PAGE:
Arrested for a Theft Crime?

While there are many different theft crimes under Florida law, the three most common types are Petit Theft, Grand Theft and Retail Theft. Florida Statute 812.014 defines the different types of thefts and the penalties for each.

What is a Theft?

Essentially, a theft is the taking of property, or even the attempt to take property, knowing that it belongs to another person or entity, with the intent to either temporarily, or permanently, deprive that person or entity of their property. The legal definition of theft can be found at Florida Statute 812.014(1)(a)&(b).

What is Petit Theft?

Petit (pronounced petty) theft is the taking of property that is valued at $100 up to $300. The value of the property taken is measured by the fair market value of the item(s) taken at the time of the theft. In some cases, the value of the property may be established by the replacement cost of the item(s). A petit theft is a first degree misdemeanor punishable by up to one year in the county jail and a $1,000 fine.

The theft of an item that is valued at less than $100 is a second degree misdemeanor punishable by up to sixty days in the county jail and a $500 fine.

What is Grand Theft?

Grand thefts are separated into three different categories. Grand Theft (Third Degree) is simply any theft were the item(s) taken is valued between $300 and $20,000. A third degree grand theft is punishable by up to five years in state prison and a $5,000 fine.

Grand Theft (Second Degree) is a theft were the property taken is valued between $20,000 and $100,000. A second degree grand theft is punishable by up to 15 years in state prison and a $10,000 fine.

Grand Theft (First Degree) is theft of property valued at over $100,000, or where cargo valued at $50,000 or more has been stolen, or as otherwise described at Florida Statute 812.014(2)(a)(1-3). A first degree grand theft is punishable by up to 30 years in state prison and a $10,000 fine.

Just as with petit theft, the value of the property taken in a grand theft is measured by the fair market value of the item(s) taken at the time and place of the theft. In some cases, the value of the property may be established by the replacement cost of the item(s).

What is Retail Theft?

Retail Theft is knowingly, or intentionally, (1) taking merchandise, (2) removing or altering a price tag, (3) placing merchandise into another container, as well as other acts described in Florida Statute 812.015(1)(d), with the intent to deprive the merchant of the possession of an item, or items, or the full retail value of the item or items.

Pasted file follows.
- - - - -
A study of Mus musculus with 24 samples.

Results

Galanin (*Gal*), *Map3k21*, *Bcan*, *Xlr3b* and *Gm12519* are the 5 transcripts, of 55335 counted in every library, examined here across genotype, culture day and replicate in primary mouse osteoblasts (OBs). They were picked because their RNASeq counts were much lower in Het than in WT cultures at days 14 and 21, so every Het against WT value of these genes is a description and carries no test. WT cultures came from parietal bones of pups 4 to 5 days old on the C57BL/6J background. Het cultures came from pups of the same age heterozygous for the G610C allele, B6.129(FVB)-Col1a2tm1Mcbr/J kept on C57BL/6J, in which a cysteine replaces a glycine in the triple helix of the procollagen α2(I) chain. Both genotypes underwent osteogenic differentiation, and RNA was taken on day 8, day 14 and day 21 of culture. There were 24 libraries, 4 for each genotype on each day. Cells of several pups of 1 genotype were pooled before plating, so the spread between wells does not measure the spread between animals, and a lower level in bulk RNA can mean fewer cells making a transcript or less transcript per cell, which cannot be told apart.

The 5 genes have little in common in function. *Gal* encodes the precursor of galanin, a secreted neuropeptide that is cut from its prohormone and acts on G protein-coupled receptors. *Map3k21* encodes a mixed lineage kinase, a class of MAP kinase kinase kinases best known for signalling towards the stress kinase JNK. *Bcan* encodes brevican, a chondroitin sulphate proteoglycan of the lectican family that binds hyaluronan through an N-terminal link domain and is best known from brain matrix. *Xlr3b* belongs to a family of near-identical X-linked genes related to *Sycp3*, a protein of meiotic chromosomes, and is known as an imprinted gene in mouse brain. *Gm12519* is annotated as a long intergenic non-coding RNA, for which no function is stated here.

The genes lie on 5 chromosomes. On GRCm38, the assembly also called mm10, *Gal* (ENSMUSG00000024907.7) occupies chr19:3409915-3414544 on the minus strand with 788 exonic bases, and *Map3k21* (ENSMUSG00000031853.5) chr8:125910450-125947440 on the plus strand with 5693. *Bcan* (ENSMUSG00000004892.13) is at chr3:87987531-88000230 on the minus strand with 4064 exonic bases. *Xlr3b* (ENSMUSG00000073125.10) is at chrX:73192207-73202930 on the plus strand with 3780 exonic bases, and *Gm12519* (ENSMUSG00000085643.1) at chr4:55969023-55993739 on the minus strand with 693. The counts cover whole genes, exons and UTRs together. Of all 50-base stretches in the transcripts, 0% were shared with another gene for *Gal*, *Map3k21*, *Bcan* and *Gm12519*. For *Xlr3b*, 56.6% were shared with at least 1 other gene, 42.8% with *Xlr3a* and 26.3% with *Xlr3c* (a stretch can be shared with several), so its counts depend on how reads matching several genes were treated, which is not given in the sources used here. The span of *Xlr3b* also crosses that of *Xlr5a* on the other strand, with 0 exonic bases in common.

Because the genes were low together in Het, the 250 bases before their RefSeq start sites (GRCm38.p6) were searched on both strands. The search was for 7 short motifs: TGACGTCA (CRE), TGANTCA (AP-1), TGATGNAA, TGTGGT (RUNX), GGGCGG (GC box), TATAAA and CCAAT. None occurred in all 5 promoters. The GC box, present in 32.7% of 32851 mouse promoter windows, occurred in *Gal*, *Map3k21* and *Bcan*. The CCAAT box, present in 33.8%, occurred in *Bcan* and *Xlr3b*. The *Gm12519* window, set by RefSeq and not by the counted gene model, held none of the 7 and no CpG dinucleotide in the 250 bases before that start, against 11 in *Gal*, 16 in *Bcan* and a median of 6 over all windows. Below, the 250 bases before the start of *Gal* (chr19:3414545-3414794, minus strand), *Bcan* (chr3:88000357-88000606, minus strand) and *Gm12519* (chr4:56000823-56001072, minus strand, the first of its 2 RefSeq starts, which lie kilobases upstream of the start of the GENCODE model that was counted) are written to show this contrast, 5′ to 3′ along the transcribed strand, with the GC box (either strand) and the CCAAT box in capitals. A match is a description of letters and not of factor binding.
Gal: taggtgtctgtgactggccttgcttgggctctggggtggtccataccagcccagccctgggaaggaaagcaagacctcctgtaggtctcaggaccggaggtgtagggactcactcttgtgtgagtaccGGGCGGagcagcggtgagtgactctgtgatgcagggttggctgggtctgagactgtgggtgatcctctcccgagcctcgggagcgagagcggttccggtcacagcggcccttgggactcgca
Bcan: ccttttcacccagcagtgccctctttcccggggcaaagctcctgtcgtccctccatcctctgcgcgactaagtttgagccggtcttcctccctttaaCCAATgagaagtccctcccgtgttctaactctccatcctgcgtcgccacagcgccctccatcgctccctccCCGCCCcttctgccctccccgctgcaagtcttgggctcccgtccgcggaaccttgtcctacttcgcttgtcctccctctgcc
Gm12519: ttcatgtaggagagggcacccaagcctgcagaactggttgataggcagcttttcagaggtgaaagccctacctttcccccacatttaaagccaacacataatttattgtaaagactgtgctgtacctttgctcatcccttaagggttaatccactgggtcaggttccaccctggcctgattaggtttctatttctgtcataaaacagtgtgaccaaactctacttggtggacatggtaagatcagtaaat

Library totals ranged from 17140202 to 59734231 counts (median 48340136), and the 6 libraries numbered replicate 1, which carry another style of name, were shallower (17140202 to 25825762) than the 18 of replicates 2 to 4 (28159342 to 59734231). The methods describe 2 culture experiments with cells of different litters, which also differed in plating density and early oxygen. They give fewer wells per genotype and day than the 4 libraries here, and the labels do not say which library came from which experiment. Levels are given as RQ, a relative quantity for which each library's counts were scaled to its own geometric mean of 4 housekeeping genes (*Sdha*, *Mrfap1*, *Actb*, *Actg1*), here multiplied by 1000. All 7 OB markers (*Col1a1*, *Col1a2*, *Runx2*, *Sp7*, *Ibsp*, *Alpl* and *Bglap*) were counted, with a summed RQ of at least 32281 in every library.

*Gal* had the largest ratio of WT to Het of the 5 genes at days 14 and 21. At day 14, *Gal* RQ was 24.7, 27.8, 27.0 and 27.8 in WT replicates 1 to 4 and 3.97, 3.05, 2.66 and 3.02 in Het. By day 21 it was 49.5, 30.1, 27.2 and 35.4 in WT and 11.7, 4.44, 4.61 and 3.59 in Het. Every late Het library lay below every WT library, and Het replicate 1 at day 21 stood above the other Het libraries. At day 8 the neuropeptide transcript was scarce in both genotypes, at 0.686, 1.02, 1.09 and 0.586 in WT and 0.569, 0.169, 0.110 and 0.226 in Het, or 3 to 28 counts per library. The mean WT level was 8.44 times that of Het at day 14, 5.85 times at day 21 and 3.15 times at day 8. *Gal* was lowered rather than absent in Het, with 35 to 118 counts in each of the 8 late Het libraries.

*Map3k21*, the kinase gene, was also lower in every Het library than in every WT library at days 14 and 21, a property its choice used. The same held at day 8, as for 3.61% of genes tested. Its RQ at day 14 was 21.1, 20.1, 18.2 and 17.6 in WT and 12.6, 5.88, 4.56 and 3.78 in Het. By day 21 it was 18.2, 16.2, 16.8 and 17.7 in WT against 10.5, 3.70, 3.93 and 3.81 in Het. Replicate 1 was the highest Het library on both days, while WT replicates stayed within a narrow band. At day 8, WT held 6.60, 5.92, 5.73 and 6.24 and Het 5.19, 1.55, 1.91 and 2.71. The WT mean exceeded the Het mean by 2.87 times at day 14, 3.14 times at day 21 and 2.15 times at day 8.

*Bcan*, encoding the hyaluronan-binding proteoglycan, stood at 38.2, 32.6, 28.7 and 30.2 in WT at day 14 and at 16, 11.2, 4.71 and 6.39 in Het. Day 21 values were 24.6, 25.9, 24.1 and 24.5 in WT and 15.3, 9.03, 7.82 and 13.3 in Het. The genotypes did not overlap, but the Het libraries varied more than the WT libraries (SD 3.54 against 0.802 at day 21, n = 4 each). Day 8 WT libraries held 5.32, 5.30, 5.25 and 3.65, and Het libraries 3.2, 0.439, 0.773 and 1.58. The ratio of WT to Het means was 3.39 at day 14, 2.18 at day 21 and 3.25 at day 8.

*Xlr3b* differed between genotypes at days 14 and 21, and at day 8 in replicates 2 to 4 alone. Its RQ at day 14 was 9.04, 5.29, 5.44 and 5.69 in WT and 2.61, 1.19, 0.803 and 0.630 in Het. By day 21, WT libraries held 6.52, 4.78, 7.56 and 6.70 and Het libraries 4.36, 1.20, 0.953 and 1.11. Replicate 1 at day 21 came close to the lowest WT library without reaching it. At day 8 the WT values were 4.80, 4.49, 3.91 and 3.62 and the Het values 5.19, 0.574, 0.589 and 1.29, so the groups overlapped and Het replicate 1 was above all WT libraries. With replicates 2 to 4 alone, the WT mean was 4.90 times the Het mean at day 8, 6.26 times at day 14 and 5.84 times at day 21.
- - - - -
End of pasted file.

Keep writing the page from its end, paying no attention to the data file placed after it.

A retail theft where the item, or items, are valued at less than $100 is a second degree misdemeanor punishable by up to 60 days in the county jail and a $500 fine.

A retail theft where the item, or items, are valued between $100 and up to $300 is a first degree misdemeanor punishable by up to one year in the county jail and a $1,000 fine.

Escalating Penalties

Any person who commits either a second petit theft or a second retail theft, and has a prior theft conviction, commits a first degree misdemeanor. Any person who has two or more convictions for petit theft or retail theft can be charged with a third degree felony. In other words, the more theft convictions on your record, the more severe the penalty becomes.

Suspension of Driver License

In addition to the penalties described above, the court can impose a 6 month driver license suspension for a first conviction of petit theft and retail theft. For a second or subsequent petit theft or retail theft, Florida Statute 812.0155(1)(b) permits the court to suspend a driver license for 1 year.

A felony theft conviction carries a 1 year driver license suspension.

Other Important Information

Beyond the criminal penalties, a theft conviction can have a significant impact on (1) your job, (2) your ability to find a job and (3) your housing situation. You may also face the imposition of civil penalties pursuant to Florida Statute 772.11 of up to three times the amount of the theft.

An arrest for Petit Theft, Grand Theft or Retail Theft should not be taken lightly. Fortunately, Wayne Richter has vast experience in defending all types of theft cases. Wayne Richter is proactive in the defense of his clients. Hiring Wayne Richter prior to an arrest, or immediately following your arrest, can be vital to your defense. Call Wayne Richter for a free initial consultation and case evaluation.